Grant Shapps is Minister of State for Housing and Local Government. Follow Grant on Twitter. The Daily Telegraph referred to an article by Grant yesterday, which is now available to read for the first time here on ConservativeHome.
“So how come Boris won in London?” persisted the interviewer, arm outstretched with a microphone.
“Well, he’s been a great Mayor and he’s put London first”, I offered.
Interview over, I walked away. But then I stopped in my tracks.
What I should have mentioned was that Boris had the massive advantage of a full-term in office to implement his great ideas. And getting a full-term is more important than you might think because governing comes in three distinct stages.
First you’ve got to tell people what you intend to do. Second, you have to legislate to make it happen. Third you need to follow through to turn all those new rules and laws into real life outcomes. Only then can the electorate truly judge how your pledges stacked up against reality.
Right now this Government is exactly two years down the line. Step one was the Coalition Agreement where our pledges were mapped out. Step two were the 30 pieces of legislation passed during the session. But the most important phase is yet to come – turning that legislation into action. And that requires time and determination.
In a better economy, previous Prime Ministers we’re happy to skip this stage. It’s tedious work after all. Blair, famous for an initiative a day, routinely failed to implement his own legislation or did it half-heartedly. Incredibly there are still 65 separate pieces of law from the last Parliament that have never been fully commenced.
By contrast, David Cameron knows delivery means everything. As one of those Ministers hauled into No10 to have my feet held to the fire, I’ve borne witness to the PM’s sheer determination to get the job done. “How are those plans going to help first time buyers? Will the newly reinvigorated Right To Buy actually deliver for hard working families?” And “How are we doing with our ambition to build 100,000 more homes on Government owned brownfield land?” The Prime Ministerial interrogation presses Ministers into detail that might surprise some.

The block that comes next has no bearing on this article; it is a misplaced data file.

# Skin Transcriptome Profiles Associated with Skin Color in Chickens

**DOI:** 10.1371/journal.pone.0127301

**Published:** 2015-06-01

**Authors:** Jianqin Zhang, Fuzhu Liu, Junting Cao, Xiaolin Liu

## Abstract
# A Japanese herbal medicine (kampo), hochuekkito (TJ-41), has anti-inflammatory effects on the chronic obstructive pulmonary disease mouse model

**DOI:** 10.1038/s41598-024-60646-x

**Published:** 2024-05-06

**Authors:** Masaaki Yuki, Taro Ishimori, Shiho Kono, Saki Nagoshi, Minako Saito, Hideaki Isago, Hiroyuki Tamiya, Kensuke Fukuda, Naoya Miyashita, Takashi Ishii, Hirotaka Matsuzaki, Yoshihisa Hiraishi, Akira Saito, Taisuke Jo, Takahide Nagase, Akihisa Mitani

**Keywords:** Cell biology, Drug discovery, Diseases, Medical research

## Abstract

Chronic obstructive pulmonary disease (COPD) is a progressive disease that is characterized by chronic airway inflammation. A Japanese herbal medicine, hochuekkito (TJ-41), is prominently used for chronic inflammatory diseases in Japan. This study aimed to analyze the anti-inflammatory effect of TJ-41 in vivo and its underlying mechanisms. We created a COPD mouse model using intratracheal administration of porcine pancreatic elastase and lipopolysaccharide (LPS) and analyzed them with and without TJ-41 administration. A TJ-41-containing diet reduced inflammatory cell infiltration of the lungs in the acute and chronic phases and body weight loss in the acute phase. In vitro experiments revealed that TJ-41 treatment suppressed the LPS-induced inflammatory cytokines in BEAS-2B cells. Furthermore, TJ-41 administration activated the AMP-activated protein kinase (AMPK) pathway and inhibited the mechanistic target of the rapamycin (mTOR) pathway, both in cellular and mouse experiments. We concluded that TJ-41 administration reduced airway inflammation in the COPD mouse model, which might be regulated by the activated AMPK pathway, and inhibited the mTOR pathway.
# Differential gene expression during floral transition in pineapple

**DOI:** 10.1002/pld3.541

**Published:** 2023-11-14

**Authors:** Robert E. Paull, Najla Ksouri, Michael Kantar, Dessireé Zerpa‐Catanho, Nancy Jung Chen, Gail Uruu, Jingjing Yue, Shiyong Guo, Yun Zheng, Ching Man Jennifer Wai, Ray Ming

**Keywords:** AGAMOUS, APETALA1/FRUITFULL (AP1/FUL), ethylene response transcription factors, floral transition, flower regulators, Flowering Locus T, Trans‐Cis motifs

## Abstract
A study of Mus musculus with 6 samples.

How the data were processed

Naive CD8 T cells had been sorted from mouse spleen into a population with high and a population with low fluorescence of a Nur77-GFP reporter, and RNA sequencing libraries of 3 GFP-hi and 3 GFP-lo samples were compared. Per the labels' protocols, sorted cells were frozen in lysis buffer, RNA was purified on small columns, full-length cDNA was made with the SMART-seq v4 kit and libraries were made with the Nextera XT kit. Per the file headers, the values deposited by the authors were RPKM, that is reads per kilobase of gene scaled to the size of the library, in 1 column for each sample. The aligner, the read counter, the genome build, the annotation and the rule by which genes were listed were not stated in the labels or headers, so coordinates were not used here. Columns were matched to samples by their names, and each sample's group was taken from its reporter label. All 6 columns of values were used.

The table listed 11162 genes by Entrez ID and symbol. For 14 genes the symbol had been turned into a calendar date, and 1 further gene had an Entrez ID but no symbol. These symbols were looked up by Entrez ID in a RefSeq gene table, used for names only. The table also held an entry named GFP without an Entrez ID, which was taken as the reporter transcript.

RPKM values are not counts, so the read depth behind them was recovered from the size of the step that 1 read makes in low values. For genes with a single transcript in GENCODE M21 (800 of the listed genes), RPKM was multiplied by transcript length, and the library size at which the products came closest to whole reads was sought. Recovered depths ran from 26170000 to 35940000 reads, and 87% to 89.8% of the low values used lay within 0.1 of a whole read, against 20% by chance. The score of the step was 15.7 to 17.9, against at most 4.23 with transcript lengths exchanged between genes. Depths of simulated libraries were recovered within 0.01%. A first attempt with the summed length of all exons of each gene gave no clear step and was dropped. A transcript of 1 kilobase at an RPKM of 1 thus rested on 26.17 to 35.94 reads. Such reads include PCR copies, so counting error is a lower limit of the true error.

Yet sorting out the historic low Labour house building track record is only one small part of this Government’s ambitious programme of radical reform. Our plans are based on an understanding that modern Britain was built on the shoulders of people with get up and go. The corner shop owner, the one man band, the fledgling company with a van parked out front and plans to expand. The silent hard working majority, the doers, the strivers, those who can do. These are the people who really built the wealth of this nation and they can do so again, if we let them.
These people aren’t looking for hand-outs or free rides. They simply want to be in charge of their own destiny. But instead they were too often tangled in red-tape and the computer says “no” economy. I remember how frustrating it can be. At 21 I set up a printing company and quickly learned about spending sleepless nights worrying about meeting the wage bill at the end of the month. Working all hours and desperately trying to stay within the overdraft whilst building the business.
Too often that battle was made harder by the need to fight Government-inspired bureaucracy rather than running my small business. I’ll never forget that sense of the system grinding you down, smothering the entrepreneurial spirit and putting out the enterprising fire. So I’m proud to be part of a Government that is serious about making Britain the place to do business again. Axing the jobs tax, doubling small business relief, cutting corporation tax and in this Queen’s Speech announcing measures to give employers more confidence to hire people.
Of course business can’t flourish without willing employees. So we’re introducing the Universal Credit. Justice at last for the 19 year old I met in a Hastings young person’s hostel a couple of years back. Amanda explained that she had taken a job, despite the fact it made her £70 a week worse off. Soon, thanks to our historic reform of the welfare state, no one will ever be trapped on benefits again. From next year, work will always pay. And that’s good for Amanda, for business and for everyone who understands that work is the best route out of poverty.
Turning this country around means laying the groundwork for the next generation of entrepreneurs. So our Free School policy is giving every child, whatever their background, the chance to reach their potential. Meanwhile, over 1,800 Academies are putting schools back in charge of their budgets and teachers back in charge of rigorous standards in the classroom. Radical reform in education. Slashing red-tape and corporation tax to make Britain the best place to do business. Reinvigorated Right To Buy and the return of 5% deposits for new home buyers. None of this would have been possible without a credible plan to tackle our deficit.
So whilst we battle the strong headwinds from the Euro crisis, we’re putting the pieces in place to re-light our nation’s entrepreneurial fire.
There are three distinct stages to radical reform. We have completed step two. As we embark on a new round of ideas in this week’s Queen’s Speech, we know that the key to success is ensuring that we implement everything from the last. This can be slow and frustrating work, but I’ve not met anyone more determined to see it through than David Cameron. Someone who appreciates that we will be judged on our record after a full-term in office.